PG Research Initiative
During the summer of 2012, the Students' Union commissioned four postgraduates to research student life and how students engage with UBU. The research focused on qualitative methods (like interviews and focus groups) to develop descriptive narratives and case studies to enhance the data. The full
reports can be downloaded by clicking on the boxes below. If you want to read a summary report of all the research pieces and the recommendations UBU made to the university, you can download it here
This research helped us understand the challenges that postgrads face day-to-day and will be part of the evidence base we use to develop policy proposals to ensure that student support is fit for purpose. The work will also help develop a UBU Postgraduate Hub to provide support and advice tailored to postgrads.
A workshop was held on Monday the 11th of February 2013, when the student researchers presented their reports. Each 15 minute presentation was followed by a Q&A session and a break, allowing attendants to pick the sessions they were interested in. At the end of the workshop there was a roundtable discussion with UBU staff, invited academics and student audience about how UBU can enhance the postgrad student experience.
Look out for more opportunities coming soon!
PG Research Initiative Reports:
The report looked explored the key funding issues facing taught masters students at UoB. The themes that came through were fees and funding, academic choices, term-time work, money worries, fear of debt and student perceptions, and awareness of what is available. Participants noted that masters students required more financial help based on need, not just merit. The preferred solution to financial issues was some form of government administered student loans, like those offered to undergraduates as student debt appeared to be more manageable. There is a need for more advice on how to find work to fit around studies, which was an important means of keeping students afloat financially over their study.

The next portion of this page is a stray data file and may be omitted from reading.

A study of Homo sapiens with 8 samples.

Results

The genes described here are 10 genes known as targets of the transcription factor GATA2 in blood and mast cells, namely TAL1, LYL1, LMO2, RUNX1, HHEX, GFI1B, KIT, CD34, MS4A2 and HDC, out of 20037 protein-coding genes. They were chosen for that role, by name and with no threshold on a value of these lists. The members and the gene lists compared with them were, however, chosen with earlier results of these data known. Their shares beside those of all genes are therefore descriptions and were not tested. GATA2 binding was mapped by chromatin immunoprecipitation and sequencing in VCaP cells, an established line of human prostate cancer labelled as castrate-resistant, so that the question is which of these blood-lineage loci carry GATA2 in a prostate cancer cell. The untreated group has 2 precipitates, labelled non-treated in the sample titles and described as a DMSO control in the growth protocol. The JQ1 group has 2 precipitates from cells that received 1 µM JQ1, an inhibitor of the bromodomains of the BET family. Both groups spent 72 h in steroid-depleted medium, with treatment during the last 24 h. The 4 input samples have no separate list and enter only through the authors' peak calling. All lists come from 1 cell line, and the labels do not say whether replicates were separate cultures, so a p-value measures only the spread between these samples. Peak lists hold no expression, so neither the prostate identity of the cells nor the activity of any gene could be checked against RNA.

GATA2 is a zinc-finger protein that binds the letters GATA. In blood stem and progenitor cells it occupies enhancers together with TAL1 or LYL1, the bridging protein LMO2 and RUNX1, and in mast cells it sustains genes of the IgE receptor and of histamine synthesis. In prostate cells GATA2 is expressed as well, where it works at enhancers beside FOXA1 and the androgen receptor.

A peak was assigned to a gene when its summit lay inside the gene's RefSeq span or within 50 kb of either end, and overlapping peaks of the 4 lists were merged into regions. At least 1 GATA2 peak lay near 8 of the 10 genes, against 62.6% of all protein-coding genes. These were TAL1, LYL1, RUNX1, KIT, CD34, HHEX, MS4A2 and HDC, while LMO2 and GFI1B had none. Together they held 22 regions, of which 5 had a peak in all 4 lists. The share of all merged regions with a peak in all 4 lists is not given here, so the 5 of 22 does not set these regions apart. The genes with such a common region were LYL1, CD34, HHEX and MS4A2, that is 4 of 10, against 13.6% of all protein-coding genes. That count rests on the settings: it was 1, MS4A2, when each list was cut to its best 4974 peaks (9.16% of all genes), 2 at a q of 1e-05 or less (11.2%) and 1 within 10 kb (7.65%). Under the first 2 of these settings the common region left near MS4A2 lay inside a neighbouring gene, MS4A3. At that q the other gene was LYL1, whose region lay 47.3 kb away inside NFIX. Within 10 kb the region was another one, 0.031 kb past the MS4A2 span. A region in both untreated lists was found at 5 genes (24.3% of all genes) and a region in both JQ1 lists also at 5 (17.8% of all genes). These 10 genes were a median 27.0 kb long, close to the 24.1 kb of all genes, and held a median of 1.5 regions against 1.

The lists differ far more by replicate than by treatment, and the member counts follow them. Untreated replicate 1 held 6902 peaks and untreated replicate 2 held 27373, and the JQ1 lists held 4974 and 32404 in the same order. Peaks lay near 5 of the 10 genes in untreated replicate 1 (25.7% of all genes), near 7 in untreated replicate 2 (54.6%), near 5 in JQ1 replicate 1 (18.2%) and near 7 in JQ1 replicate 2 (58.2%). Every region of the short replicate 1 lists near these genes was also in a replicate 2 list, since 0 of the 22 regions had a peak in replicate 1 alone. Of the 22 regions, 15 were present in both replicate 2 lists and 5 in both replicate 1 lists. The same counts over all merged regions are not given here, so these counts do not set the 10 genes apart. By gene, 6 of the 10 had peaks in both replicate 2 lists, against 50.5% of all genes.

This piece of research revealed issues behind the PGs' lack of engagement with their student representatives. PGs perceive themselves as more independent and are likely to take up the issues themselevs, while the PG course structure and intensity makes it difficult for them to get involved.
Participants demanded a better pastoral support system for postgraduates, as supervisory arrangements focus on academic progress, yet a number of PG-specific welfare factors impact on studies go unmonitored. The isolated nature of PG degrees can add to welfare issues faced by students along with the financial strain of supporting oneself during very demanding and/or lengthy periods of research.
International students are seen as an active segment of student population, responding well to initiatives and keen to get involved. The participants made positive comments about the Multifaith Chaplaincy, Careers Service, Student Health, and the Counseling Service. They also showed interest in having more social events, more interaction, more active representatives and better language support. Subjects wanted ways to feel more comfortable with the culture, language and local community.